Seminar: Correspondence, provenance, and the ethics of collecting, 6 March 2019
Please join us for our second seminar of the semester, featuring two twenty-minute presentations and discussion. All welcome!
Wednesday 6th March 2019, 3pm – 4.30pm
A112 Samuel Alexander Building
Ethical challenges in early twentieth century Samaritan manuscript collecting
Dr Katharina E Keim (Centre for Religions and Theology, Lund University, and Centre for Jewish Studies, Manchester)
Historically, the collecting of Samaritan manuscripts was a challenging endeavour. The Samaritans, who regard themselves to be descendants of ancient Biblical Israelites, were for centuries a relatively insular group that closely guarded their traditions from outsiders. Western scholars and orientalists began acquiring Samaritan manuscripts in the sixteenth and seventeenth centuries, when the Samaritan Pentateuch played an important role in debates between Protestant and Catholic biblical textual critics. Samaritan manuscripts arrived in Europe in fits and starts until the late nineteenth and early twentieth century when the trickle became a flood. Weakened by population collapse and poverty, the Samaritans began selling their manuscripts to tourists, collectors, and antiquities dealers in a desperate attempt to survive. This paper will look at two understudied correspondence collections that detail the acquisition of Samaritan manuscripts by Western collectors in the first three decades of the twentieth century. The first is that of Rabbi Dr Moses Gaster (1856-1939), a Jewish community leader and collector living in London who purchased around 400 copies of Samaritan works, and the second is that of William E Barton (1861-1930), an American Congregationalist minister who, together with industrialist Edward K Warren (1847-1919), drew together a valuable collection of original Samaritan manuscripts now in the Special Collections of Michigan State University. It will highlight key issues relating to the provenance of Western collections of Samaritan manuscripts, and the ethical problems involved in their acquisition.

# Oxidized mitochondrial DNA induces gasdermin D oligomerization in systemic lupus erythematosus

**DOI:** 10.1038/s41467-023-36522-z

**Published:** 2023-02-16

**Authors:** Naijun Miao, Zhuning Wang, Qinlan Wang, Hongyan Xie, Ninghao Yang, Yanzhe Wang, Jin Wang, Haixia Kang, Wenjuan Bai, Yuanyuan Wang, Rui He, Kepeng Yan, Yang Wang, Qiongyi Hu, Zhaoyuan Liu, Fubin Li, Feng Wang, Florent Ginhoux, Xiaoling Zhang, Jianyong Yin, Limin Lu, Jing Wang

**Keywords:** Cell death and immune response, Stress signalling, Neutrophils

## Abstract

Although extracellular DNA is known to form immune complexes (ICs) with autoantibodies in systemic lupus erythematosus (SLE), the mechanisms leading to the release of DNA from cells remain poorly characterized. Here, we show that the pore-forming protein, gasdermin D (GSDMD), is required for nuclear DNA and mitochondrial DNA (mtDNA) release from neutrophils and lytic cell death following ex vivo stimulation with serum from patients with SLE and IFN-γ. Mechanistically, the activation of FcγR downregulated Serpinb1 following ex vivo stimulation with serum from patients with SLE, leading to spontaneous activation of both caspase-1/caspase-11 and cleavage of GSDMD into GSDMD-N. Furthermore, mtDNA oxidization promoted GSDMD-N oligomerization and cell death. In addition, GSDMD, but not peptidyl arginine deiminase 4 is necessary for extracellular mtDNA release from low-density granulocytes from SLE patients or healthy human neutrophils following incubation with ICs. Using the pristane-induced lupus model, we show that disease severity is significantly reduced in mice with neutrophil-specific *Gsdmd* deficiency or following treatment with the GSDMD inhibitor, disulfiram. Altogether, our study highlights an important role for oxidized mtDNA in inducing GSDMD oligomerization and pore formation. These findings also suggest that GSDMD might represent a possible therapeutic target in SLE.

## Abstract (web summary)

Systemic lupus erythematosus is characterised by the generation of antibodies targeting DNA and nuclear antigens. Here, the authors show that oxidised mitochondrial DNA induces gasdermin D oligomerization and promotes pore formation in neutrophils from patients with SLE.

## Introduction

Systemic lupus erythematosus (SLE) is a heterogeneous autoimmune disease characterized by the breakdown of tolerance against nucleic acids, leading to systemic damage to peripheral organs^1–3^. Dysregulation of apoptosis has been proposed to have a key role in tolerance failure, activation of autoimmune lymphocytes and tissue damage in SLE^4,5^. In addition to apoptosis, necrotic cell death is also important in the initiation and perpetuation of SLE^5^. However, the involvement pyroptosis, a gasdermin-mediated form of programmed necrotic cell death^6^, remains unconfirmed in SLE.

The corrupting text: Searching, interpreting and exchanging papyri (1890–2019)
Dr Roberta Mazza (Classics, Ancient History, Archaeology and Egyptology, Manchester)
This paper addresses questions of cultural appropriation, colonialism and imperialism, through the analysis of published and unpublished correspondence of some of the protagonists of the first phase of ancient papyrus manuscripts discoveries in Egypt (ca. 1890-1920). These letter exchanges, including some from the John Rylands Library archives, shed light on attitudes towards the search, study and circulation of ancient manuscripts guided by nineteenth century ideas of civilization, the classics and the Western canon, conveyed by academics from text-oriented disciplines, such as Papyrology, Classics and Biblical Studies. A comparison with recent episodes involving famous genuine and forged classical and biblical papyri exchanged on the market shows that colonial attitudes are still deeply entrenched in these fields and more broadly in society. In the conclusion, I will discuss possible ways to introduce real change in the ethics of manuscript collecting and publishing.
For more information, please contact Dr Alice Marples (firstname.lastname@example.org).